During the past trading week (October 28 to November 1), two multimillion dollar cannabis deals got clearance from the US Department of Justice (DOJ).
An executive at a Canadian licensed producer held his stance on a divisive rights offering announced last week, while another Canadian cannabis firm dealt with a dramatic drop in value.
Here’s a closer look at some of the biggest cannabis news over the last week.
HEXO hits year-to-date low, holds off on future guidance
In its report for the period, released on Tuesday (October 29), HEXO noted a total net loss of C$56.7 million, a jump from the C$10.5 million loss reported in the same quarter last year.
During an earnings call, HEXO CEO Sebastien St-Louis attributed the loss to a slow store rollout and the reserve provision HEXO set up in case of product returns from provincial retailers.
He also told investors they shouldn’t expect to see projections from the company anytime soon.
“Until the market matures and the retail channels are built out, we’ll refrain from providing guidance,” St-Louis said. The executive added that he still remains optimistic on the continued growth of the company.
Zenabis CEO holds strong on rights offering
It was a decision that CEO Andrew Grieve defended during an earnings call on Tuesday, noting that recent market conditions — including a drop in equity for licensed producers in Canada — have put the company in a difficult position.
“(The rights offering) was done to offer shareholders the most compelling opportunity possible to maintain their ownership in the business,” Grieve told investors.
Grieve admitted the year has been hard for the firm, and said that as a result the company is trading at a “significant discount” compared to its peers.
The executive said on Wednesday (October 30) that Zenabis’ shares on the Toronto Stock Exchange will stop trading with an entitlement to a right as the rights will be traded separately on the bourse.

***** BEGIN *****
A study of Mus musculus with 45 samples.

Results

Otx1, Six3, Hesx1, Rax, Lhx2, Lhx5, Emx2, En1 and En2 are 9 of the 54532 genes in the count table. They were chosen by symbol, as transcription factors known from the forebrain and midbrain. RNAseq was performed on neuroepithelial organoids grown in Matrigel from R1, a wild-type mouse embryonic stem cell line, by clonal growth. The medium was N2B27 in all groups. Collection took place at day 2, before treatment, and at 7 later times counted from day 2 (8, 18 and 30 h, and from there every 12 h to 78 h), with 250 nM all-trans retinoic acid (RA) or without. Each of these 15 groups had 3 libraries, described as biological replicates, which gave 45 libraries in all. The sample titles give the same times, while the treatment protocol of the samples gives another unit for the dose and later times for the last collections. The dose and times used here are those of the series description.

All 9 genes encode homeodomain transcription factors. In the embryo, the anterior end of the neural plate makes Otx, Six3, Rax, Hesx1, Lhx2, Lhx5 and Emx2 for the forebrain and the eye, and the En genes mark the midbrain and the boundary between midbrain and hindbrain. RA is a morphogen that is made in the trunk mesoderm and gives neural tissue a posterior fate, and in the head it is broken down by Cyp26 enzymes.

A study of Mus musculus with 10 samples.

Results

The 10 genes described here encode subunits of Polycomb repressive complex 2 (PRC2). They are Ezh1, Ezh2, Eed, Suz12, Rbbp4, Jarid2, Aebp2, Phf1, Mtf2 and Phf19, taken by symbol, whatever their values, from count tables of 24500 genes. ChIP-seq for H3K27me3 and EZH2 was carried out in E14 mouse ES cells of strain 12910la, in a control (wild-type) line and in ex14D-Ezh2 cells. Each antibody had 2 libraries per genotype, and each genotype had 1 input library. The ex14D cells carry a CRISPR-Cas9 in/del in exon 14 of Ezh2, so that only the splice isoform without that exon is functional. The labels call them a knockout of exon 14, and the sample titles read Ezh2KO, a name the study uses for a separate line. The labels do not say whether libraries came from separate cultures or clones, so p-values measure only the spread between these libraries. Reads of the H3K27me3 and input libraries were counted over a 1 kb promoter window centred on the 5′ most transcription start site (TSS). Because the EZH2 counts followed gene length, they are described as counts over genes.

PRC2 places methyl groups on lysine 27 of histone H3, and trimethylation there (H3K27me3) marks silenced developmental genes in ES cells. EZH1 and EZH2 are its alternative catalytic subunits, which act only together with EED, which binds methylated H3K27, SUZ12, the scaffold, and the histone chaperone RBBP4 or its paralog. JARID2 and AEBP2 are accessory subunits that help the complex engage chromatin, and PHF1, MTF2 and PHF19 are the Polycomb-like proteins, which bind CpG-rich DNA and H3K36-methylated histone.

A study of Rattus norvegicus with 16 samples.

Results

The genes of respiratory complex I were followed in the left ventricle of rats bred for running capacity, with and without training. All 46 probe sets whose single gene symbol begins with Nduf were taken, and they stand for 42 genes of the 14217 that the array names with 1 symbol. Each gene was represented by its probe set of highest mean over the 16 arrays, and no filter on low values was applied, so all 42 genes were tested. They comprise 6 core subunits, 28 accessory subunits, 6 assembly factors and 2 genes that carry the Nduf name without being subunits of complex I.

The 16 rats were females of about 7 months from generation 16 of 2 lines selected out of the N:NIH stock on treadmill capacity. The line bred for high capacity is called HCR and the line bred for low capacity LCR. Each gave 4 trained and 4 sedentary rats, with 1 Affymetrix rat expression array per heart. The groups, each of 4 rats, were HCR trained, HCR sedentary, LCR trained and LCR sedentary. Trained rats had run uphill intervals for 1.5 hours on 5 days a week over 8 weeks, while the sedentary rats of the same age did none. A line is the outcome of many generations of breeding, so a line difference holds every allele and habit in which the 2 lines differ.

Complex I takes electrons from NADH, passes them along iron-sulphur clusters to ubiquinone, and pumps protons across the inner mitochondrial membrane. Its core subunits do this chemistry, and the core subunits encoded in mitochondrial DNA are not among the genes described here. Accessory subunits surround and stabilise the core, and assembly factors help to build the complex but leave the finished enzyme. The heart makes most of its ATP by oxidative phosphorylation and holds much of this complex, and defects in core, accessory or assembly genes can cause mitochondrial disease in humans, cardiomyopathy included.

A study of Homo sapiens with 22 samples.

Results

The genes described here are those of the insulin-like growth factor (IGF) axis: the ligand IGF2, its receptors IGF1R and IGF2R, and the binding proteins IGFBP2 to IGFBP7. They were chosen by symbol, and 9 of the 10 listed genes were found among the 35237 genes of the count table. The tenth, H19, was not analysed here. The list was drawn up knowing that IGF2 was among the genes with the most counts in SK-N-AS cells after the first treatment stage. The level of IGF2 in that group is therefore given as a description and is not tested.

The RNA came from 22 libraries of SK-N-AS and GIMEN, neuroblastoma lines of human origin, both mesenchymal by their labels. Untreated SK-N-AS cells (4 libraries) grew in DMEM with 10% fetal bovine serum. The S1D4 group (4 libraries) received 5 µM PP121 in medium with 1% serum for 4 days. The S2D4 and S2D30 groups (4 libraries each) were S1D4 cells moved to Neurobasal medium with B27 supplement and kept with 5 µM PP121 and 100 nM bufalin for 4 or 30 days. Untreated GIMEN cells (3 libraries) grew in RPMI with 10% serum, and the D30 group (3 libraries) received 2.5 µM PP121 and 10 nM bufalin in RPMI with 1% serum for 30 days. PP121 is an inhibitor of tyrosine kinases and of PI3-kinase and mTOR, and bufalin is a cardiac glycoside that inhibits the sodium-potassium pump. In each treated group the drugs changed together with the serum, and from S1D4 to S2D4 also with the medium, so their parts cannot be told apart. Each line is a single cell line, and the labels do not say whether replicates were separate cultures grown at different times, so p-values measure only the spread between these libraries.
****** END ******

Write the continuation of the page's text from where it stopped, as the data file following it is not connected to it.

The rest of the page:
US cannabis deals inch closer to completion
On Wednesday, two multi-state operators announced that the waiting period under the Hart-Scott-Rodino Antitrust Improvements (HSR) Act has expired on their respective million dollar deals.
The clearance on the part of the DOJ could represent a growing interest and acceptance of the cannabis industry at a state level.
Curaleaf’s deal to acquire Cura Partners, owner of the Select cannabis brand, was first announced in May and was valued at US$948.8 million.
With the confirmation of the HSR expiration, however, Curaleaf has told investors that the deal is moving forward with amended terms; now, the number of subordinate voting shares payable has been slashed to 55 million, down from over 95 million.
The difference will be payable to Select’s equity holders on the condition that Curaleaf hits a revenue target of between US$130 million and US$250 million in the 2020 calendar year. The deal is set to close on January 1, 2020.
Cresco Labs’ US$282.5 million deal to acquire Tryke will give Cresco an enhanced presence in Nevada and Arizona and is set to be signed off on in the first half of 2020.
“Upon the closing of the transaction, Cresco will have cultivation, processing, and retail assets in strategic and culturally significant legal states representing 71 percent of the US addressable cannabis market,” said Cresco Labs CEO Charlie Bachtell in a statement.
A ManifestSeven report on the cannabis investment community shows investors remain excited about the sector in the face of a recent downturn that continues to batter the industry.
Sturges Karban, CEO of ManifestSeven, said investors seem unfazed by the latest “market correction.”
“Seventy-one percent of retail investors in the US and 73 percent in Canada say they expect investment in the cannabis industry to significantly grow over the next 12 months,” said Karban.
Saskatchewan scrapped its lottery system for awarding retail licenses in favor of a phased-in approach that gets rid of the cap on the number of stores that can be opened in the province and could help shrink the black market.
Gene Makowsky, minister responsible for the Saskatchewan Liquor and Gaming Authority, said in a press release, “We believe opening the market to more retailers will help meet customer demand while also helping discourage competition from unlicensed stores.”
In other provincial cannabis news, the Quebec government passed a law to raise the legal consumption age of cannabis from 18 to 21, which is the highest age gate in the country. The new age limit has its opponents who say the law, which is to go into effect on January 1, 2020, will only serve to further the black market for the drug.
The cannabis sector, including both the legal and illegal markets, added nearly C$8 billion to Canada’s GDP in August, according to data from Statistics Canada.